Thread: Justice
0utf0xZer0
Pretentious moe scholar
 
 
Join Date: Oct 2006
Location: Vancouver, Canada
Age: 30
Quote:
Originally Posted by Clarste View Post
How can this make sense, unless justice is arbitrary? Isn't it theoretically possible to write extremely detailed and complicated laws that cover all of our intuitions about justice? That is if justice exists at all. The only way justice could not be theoretically described by some kind of laws is if its always changing, based not on the circumstances of the case, but based on the person deciding what is just. Which means that its inherently biased and not objective at all.

Are you a moral relativist? Your judgment of some things as "clearly wrong" suggests you aren't, but...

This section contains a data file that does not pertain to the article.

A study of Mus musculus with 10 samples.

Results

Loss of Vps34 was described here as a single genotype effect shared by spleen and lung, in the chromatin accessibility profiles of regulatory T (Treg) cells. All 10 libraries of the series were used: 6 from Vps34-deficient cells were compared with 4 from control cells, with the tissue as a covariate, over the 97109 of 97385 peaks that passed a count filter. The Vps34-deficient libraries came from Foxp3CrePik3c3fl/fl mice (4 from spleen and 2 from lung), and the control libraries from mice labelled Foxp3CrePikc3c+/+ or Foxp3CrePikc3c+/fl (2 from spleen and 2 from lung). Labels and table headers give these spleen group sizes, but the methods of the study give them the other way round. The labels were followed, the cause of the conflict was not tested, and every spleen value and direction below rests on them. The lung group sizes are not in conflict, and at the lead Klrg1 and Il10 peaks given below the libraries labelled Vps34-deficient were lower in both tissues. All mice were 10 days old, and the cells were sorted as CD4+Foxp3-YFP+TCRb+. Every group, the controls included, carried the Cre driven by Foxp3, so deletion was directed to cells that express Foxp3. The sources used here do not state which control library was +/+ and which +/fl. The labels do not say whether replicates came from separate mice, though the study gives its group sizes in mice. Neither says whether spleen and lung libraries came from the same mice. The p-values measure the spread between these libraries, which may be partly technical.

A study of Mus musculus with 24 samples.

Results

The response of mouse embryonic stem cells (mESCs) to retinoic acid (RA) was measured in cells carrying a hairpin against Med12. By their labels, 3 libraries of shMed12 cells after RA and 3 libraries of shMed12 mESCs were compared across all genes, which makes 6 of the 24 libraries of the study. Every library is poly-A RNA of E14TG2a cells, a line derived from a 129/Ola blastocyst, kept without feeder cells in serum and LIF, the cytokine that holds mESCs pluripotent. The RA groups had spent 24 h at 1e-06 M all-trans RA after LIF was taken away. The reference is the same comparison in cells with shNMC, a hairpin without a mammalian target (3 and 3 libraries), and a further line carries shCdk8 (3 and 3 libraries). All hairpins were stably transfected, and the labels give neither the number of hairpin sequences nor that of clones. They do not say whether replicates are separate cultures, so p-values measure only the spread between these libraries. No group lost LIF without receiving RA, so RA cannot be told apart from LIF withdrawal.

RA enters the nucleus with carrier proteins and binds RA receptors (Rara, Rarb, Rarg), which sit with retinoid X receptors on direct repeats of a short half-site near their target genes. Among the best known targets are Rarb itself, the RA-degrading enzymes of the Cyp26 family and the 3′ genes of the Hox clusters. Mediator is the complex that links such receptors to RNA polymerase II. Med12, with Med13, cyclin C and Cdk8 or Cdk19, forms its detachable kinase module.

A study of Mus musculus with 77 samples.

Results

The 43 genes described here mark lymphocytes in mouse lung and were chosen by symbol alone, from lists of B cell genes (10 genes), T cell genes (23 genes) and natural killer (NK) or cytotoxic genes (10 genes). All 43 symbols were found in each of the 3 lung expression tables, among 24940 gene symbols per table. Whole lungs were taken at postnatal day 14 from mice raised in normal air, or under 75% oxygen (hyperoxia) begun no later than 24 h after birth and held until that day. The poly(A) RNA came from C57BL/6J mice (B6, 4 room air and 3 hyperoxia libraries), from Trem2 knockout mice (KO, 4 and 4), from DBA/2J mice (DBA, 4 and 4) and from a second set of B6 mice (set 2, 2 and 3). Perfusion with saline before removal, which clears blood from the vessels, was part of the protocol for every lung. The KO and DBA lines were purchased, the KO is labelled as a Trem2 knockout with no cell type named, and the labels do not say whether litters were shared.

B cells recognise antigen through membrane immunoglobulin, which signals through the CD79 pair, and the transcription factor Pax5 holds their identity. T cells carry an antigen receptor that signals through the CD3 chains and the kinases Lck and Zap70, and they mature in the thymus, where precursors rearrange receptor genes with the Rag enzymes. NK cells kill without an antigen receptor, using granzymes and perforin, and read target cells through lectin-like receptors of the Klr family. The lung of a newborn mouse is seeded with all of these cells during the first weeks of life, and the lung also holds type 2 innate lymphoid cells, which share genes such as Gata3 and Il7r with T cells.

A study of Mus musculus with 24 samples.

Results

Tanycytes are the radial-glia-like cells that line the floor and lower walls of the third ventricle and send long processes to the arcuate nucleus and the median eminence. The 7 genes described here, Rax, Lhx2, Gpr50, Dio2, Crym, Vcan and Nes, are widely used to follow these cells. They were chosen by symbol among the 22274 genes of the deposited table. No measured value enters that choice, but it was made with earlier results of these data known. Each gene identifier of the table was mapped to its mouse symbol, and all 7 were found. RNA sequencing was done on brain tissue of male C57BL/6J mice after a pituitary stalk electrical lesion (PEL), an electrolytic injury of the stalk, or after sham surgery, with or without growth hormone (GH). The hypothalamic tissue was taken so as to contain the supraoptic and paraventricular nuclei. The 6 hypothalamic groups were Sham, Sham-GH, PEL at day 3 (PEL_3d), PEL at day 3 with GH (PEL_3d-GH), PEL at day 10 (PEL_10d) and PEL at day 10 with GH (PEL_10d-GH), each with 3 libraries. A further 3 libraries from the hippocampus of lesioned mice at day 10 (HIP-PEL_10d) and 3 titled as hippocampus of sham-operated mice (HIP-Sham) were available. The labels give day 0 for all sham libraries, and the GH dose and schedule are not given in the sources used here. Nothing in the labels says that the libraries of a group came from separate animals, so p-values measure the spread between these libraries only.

Well, in theory you could write a law so detailed that it covers everything, but practically it's not possible. In practice, law is kind of a "best guess" at what will produce just outcomes most of the time, there's always going to be some examples of cases where following the letter of the law isn't good for anyone involved.

I don't think I'd qualify as a relativist because while I believe that morals have to be flexible to accommodate situations, I still have underlying principles I believe should be adhered to in all situations.

In the cases where I say that I think the law is clearly wrong (I see the overall result of drug prohibition as causing more harm than good, for example), I do admit that there's other opinions out there. However, while I know this probably makes me sound a bit high and mighty, but I have no problem with the idea that other people are wrong about an issue, even if I won't say it to their face.